It seems like yesterday that Obama won his historic election, and yet here we are again for 2012. So what the President had accomplished so far? On foreign policies, he had intelligently gotten rid of Osama bin Laden and he’s bringing our troops home. The bailouts weren’t a popular decision, but they stabilized the economy. He lowered taxes on the majority of Americans and passed universal healthcare.
Sure, Obama couldn’t make the change he has promised in 2008 because Washington is not easy to transform. As Ryan Lizza pointed out in “The Obama Memos“:
Obama was learning the same lesson of many previous occupants of the Oval Office: he didn’t have the power that one might think he had. Harry Truman, one in a long line of Commanders-in-Chief frustrated by the limits of the office, once complained that the President “has to take all sorts of abuse from liars and demagogues…. The people can never understand why the President does not use his supposedly great power to make ’em behave. Well, all the President is, is a glorified public relations man who spends his time flattering, kissing and kicking people to get them to do what they are supposed to do anyway.”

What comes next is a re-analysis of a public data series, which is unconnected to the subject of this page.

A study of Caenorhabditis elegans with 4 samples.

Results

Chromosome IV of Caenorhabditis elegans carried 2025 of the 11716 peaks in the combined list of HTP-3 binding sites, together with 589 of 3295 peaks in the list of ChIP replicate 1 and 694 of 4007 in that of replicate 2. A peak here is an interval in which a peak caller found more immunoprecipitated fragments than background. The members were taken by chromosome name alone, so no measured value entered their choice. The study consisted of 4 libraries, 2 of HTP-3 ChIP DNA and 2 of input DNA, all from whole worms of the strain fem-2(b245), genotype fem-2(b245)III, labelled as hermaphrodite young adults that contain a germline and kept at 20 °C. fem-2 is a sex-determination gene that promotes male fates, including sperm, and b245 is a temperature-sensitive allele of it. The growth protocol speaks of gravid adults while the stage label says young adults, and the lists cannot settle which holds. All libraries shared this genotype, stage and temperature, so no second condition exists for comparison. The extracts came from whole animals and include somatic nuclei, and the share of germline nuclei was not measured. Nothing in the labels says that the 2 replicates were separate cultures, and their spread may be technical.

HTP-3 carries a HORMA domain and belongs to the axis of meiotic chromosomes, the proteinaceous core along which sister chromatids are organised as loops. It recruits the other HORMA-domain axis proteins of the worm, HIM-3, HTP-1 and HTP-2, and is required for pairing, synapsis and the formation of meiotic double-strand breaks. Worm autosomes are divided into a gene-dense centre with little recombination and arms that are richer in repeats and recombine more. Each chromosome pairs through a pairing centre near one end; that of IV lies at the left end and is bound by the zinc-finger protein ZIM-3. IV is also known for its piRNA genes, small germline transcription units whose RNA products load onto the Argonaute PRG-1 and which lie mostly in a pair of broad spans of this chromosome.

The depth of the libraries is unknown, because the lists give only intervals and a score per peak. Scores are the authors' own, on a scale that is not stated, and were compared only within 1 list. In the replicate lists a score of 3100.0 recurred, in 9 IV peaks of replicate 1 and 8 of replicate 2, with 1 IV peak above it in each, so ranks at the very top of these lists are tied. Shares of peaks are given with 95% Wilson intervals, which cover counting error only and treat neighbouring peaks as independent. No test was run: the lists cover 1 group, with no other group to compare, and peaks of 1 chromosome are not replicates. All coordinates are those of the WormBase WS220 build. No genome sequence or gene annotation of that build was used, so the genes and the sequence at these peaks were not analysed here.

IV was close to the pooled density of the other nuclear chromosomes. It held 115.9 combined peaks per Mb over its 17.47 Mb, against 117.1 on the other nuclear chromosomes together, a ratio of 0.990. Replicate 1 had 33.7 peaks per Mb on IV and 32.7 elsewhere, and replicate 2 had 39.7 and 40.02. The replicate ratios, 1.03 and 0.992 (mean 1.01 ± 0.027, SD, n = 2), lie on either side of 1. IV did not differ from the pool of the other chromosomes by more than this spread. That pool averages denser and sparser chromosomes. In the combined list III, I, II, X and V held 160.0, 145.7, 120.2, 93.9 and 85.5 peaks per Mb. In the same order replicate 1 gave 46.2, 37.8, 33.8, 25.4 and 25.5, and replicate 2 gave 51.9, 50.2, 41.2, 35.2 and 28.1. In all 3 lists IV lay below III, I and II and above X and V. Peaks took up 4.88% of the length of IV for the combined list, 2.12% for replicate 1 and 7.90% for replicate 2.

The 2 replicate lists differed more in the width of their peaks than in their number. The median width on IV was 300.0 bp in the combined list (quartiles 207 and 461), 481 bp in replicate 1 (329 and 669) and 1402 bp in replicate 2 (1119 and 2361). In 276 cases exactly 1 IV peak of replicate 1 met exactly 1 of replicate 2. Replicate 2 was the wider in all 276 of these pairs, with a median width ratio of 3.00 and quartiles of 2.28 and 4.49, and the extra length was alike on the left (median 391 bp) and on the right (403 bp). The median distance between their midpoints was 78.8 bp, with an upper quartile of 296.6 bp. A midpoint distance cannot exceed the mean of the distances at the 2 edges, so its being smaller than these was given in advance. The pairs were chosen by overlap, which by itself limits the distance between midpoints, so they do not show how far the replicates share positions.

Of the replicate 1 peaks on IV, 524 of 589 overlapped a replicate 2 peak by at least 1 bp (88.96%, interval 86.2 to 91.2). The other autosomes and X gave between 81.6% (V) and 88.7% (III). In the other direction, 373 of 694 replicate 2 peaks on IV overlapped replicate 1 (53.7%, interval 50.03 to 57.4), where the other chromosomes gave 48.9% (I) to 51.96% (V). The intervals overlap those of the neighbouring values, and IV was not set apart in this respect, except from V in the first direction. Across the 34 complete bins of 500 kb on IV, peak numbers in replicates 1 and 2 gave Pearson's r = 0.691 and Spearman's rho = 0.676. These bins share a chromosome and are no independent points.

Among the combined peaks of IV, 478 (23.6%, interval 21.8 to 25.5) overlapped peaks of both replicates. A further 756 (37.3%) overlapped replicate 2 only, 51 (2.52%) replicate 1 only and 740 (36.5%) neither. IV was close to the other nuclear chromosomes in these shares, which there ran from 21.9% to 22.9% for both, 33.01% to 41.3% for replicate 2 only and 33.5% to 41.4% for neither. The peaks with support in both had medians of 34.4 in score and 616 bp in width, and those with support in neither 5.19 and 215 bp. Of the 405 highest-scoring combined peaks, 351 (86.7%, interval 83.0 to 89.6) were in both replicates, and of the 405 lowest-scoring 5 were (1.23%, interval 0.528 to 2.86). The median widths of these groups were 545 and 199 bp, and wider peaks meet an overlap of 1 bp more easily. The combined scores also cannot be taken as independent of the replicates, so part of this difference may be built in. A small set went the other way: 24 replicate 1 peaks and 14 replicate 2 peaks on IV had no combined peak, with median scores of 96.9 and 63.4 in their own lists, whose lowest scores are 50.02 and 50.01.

But he has definitely learned how to work with the system to get things done rather than changing it. He is more confidence and the experience he has gained over the past few years would be an advantage for American.
Up to this point, I am still in favor of Obama, but I am also keeping an ear out for other candidates. So far I am enjoy seeing GOP candidates ripping each other to pieces, but I have not yet convinced. I am not envy of Millionaire Mitt’s success of earning about $57,000 a day, which is most average American makes in a year, but I am deeply concerned that Mitt doesn’t see anything wrong with paying less taxes than average American. In fact, his firm Bain Capital hired lobbyists in 2007 to killed a bill that would increase tax on private equity firms. As for Grandiose Gringrich, can you trust a guy who cheated not once but twice? I rest my case.